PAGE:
The neurobehavioral program at TIRR Memorial Hermann provides unique services to patients recovering from acquired brain injury (ABI).

Dr. Christopher Falco“Any hospital that works with patients with brain injury is going to get patients who are agitated or who have some other challenging behavior that limits their therapy participation, so we created the neurobehavioral program with the intent of having a structured, dedicated team to care for these patients,” says Christopher Falco, MD, the clinical chief of the program. “In doing so, we feel that it provides not only a better rehabilitation experience for the patient but also greatly facilitates safety and coordination of care and communication, among other things.”

The neurobehavioral program offers rehabilitation services in the least restrictive manner possible for patients with ABI, explains Lindsey Harik, PhD, neuropsychologist and program manager.

Lindsey Harik, PhD

“Being able to engage in a full, aggressive rehab program is incredibly necessary for a good recovery following these injuries, which can be very challenging due to the nature of the behavior,” Dr. Harik says. “We are uniquely poised to be able to allow patients to participate in a really rigorous program despite these challenging behaviors that they come to us with.”

The ability to engage in a rigorous rehabilitation program also leads to positive outcomes for patients, according to Drs. Falco and Harik. When patients begin the program, they are often under physical restraint and are taking multiple medications that were previously “necessary but are probably hampering their ability to participate in their rehab programs and make functional gains,” Dr. Harik notes. “By the time they leave us, they’re free of the vast majority of those things. I think that's a really important thing that we do.”

Patients who are treated within the neurobehavioral program receive nonpharmacologic therapies that allow them to better engage in their recovery.

“That’s a major aspect of the philosophy of our program; it’s quite a bit different than any similar programs,” Dr. Falco says. “We do such amazing things on the nonpharmacologic side of things that it gives me, as the physician, great freedom to optimize the medications in a way such that it facilitates cognitive recovery and functional recovery rather than just having to use a variety of medications that are going to impair them cognitively or sedate the patient.”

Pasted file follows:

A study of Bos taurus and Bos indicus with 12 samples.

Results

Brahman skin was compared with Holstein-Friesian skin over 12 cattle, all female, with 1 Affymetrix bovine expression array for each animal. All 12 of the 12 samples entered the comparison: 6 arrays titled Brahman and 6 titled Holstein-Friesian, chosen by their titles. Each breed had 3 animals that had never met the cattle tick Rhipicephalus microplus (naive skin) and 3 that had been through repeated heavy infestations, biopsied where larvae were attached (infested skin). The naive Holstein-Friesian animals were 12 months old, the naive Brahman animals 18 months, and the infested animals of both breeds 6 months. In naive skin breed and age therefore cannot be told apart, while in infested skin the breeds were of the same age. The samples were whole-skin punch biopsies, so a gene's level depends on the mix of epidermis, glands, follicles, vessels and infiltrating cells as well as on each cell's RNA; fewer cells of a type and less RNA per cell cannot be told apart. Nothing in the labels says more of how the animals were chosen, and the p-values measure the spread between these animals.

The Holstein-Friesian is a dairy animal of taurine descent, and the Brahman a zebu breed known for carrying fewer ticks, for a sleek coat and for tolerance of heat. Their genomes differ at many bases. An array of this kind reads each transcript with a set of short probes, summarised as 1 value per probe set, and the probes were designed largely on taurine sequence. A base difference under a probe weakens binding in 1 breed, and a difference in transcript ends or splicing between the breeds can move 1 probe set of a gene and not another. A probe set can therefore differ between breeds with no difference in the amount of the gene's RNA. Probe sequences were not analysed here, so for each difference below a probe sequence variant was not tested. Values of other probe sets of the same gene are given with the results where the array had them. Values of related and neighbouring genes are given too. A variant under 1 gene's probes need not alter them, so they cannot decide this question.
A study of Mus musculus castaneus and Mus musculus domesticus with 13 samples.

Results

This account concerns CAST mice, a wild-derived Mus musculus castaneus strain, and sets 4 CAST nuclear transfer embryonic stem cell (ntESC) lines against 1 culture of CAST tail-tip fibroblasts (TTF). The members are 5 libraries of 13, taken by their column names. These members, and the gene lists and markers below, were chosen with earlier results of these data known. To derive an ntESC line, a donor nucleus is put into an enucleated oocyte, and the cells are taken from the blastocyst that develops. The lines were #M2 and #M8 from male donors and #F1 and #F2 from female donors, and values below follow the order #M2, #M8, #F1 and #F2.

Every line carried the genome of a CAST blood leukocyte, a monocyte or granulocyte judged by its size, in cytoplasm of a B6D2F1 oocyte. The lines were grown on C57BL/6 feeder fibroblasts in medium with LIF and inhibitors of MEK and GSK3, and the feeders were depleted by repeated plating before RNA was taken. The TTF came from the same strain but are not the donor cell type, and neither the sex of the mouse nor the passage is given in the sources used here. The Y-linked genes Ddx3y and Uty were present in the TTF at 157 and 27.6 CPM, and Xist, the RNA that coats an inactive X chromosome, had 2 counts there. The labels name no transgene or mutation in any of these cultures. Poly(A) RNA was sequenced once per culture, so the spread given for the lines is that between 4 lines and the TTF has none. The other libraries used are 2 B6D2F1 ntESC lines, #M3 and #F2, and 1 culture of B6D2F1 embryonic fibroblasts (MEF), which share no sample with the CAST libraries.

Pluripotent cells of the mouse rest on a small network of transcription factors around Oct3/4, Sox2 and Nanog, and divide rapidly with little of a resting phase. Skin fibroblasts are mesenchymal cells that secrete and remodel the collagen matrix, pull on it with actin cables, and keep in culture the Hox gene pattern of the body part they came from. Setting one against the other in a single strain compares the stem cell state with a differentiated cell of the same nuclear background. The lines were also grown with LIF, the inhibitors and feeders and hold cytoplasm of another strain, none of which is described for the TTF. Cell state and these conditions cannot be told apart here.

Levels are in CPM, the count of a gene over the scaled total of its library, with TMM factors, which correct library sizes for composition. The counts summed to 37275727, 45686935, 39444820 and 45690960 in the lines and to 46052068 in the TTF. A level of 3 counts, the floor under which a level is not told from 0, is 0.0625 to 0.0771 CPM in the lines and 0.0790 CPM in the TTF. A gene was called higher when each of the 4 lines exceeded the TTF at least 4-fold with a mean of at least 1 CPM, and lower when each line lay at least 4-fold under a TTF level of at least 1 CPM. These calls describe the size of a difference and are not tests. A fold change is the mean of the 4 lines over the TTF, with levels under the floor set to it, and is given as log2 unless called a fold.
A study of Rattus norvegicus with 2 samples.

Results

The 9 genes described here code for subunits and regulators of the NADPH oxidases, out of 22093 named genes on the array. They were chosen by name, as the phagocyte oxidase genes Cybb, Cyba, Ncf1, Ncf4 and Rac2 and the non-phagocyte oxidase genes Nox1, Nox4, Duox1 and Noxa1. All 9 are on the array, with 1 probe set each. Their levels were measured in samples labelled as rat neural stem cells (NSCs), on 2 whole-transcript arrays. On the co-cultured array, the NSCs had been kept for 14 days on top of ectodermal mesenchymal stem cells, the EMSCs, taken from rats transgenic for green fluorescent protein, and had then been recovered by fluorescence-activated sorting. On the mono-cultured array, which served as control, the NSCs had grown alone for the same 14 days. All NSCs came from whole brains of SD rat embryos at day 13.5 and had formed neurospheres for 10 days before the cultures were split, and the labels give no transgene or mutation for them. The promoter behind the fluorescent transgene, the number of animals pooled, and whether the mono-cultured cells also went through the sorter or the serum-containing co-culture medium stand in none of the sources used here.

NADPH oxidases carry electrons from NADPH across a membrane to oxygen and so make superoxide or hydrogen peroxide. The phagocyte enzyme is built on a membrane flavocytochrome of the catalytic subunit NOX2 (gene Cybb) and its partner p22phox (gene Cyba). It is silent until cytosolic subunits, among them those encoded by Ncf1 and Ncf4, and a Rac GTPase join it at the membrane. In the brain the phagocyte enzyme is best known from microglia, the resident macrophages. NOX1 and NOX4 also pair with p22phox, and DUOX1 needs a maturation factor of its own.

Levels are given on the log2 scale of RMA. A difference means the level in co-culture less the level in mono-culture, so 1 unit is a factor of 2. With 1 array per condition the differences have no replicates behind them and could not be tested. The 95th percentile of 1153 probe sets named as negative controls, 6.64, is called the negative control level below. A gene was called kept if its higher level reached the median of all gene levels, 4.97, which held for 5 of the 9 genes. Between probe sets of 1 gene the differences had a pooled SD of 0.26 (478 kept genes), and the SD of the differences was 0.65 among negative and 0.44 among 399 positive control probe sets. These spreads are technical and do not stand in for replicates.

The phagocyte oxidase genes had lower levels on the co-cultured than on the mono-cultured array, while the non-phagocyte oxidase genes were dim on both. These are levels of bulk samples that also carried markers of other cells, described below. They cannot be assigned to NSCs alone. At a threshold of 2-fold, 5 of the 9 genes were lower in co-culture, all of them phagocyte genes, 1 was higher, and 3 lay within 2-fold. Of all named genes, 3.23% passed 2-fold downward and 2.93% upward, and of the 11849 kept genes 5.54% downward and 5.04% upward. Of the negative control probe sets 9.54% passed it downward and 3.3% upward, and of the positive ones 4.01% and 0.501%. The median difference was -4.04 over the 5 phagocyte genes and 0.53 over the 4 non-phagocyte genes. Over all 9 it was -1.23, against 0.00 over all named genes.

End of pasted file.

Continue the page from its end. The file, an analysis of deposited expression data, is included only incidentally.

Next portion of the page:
Clinicians in the neurobehavioral program are continually developing new methods to improve rehabilitation services for their patients. Recently, the team developed a behavioral rating tool that helps objectively assess changes in patient behavior. The TIRR Memorial Hermann researchers shared this tool with other collaborating facilities in the hope of improving patient assessment and ultimate treatment outcomes.

Another innovative evaluation method used within the program is the behavior observation tool. This tool allows staff members to chart and describe patient behavior along with the time the behavior was observed, the location where it occurred, the individuals who were present, the intervention used to manage the behavior and the outcome of the intervention.

“This is incredibly important because they can do this charting 24 hours a day. We can’t effectively treat a behavior that we don’t know is happening or that we don’t understand what might be the antecedent or the trigger for that behavior,” Dr. Harik explains. “Being able to understand what’s been trialed across different staff members and what’s effective helps us become really lean in terms of developing an effective behavior plan for treating these behaviors. As far as we are aware, that is unique to our facility.”

The stars of the neurobehavioral program are the frontline staff—the nursing staff and therapists—who spend hours with these patients every day, according to Dr. Falco. “It wouldn’t be possible to have such a successful program working with this challenging patient population without their dedication and their expertise,” he says. “Our patient care technicians [PCTs] do amazing things that are so far above their pay grade at times. They’re just essential to the success of the program. And I couldn’t be prouder of the amazing group of PCTs that we have working in the program.”

The neurobehavioral program treats from one to three patients at a given time, with a focus on patients for whom the primary driver of challenging behavior is related to acquired brain injury, and not primarily psychiatric in origin. A combination of innovation and dedicated staff have contributed to very positive outcomes for these patients, according to Drs. Falco and Harik.

“We are rather proud of how successful our patients are, not only in terms of their rehab outcomes but their discharge disposition,” Dr. Falco notes. “We’re discharging a very high percentage of our neurobehavioral patients back to home and back to the community. They’re doing remarkably well functionally; the vast majority are highly ambulatory at discharge.”

“We hear from folks who just express that, when they got here, they thought there would be no way that they would be able to bring their loved one home,” Dr. Harik adds. “And in many cases, in just in a matter of a few weeks, they feel ready to do that, and that they can do that safely. We give them the opportunity to do something that they never even thought was going to be an option.”

Winter 2024 Edition
US News and World Report Best Hospitals Badge
Nationally Ranked Rehabilitation

For the 34th consecutive year, TIRR Memorial Hermann is recognized as the best rehabilitation hospital in Texas and No. 4 in the nation according to U.S. News and World Report's "Best Rehabilitation Hospitals" in America.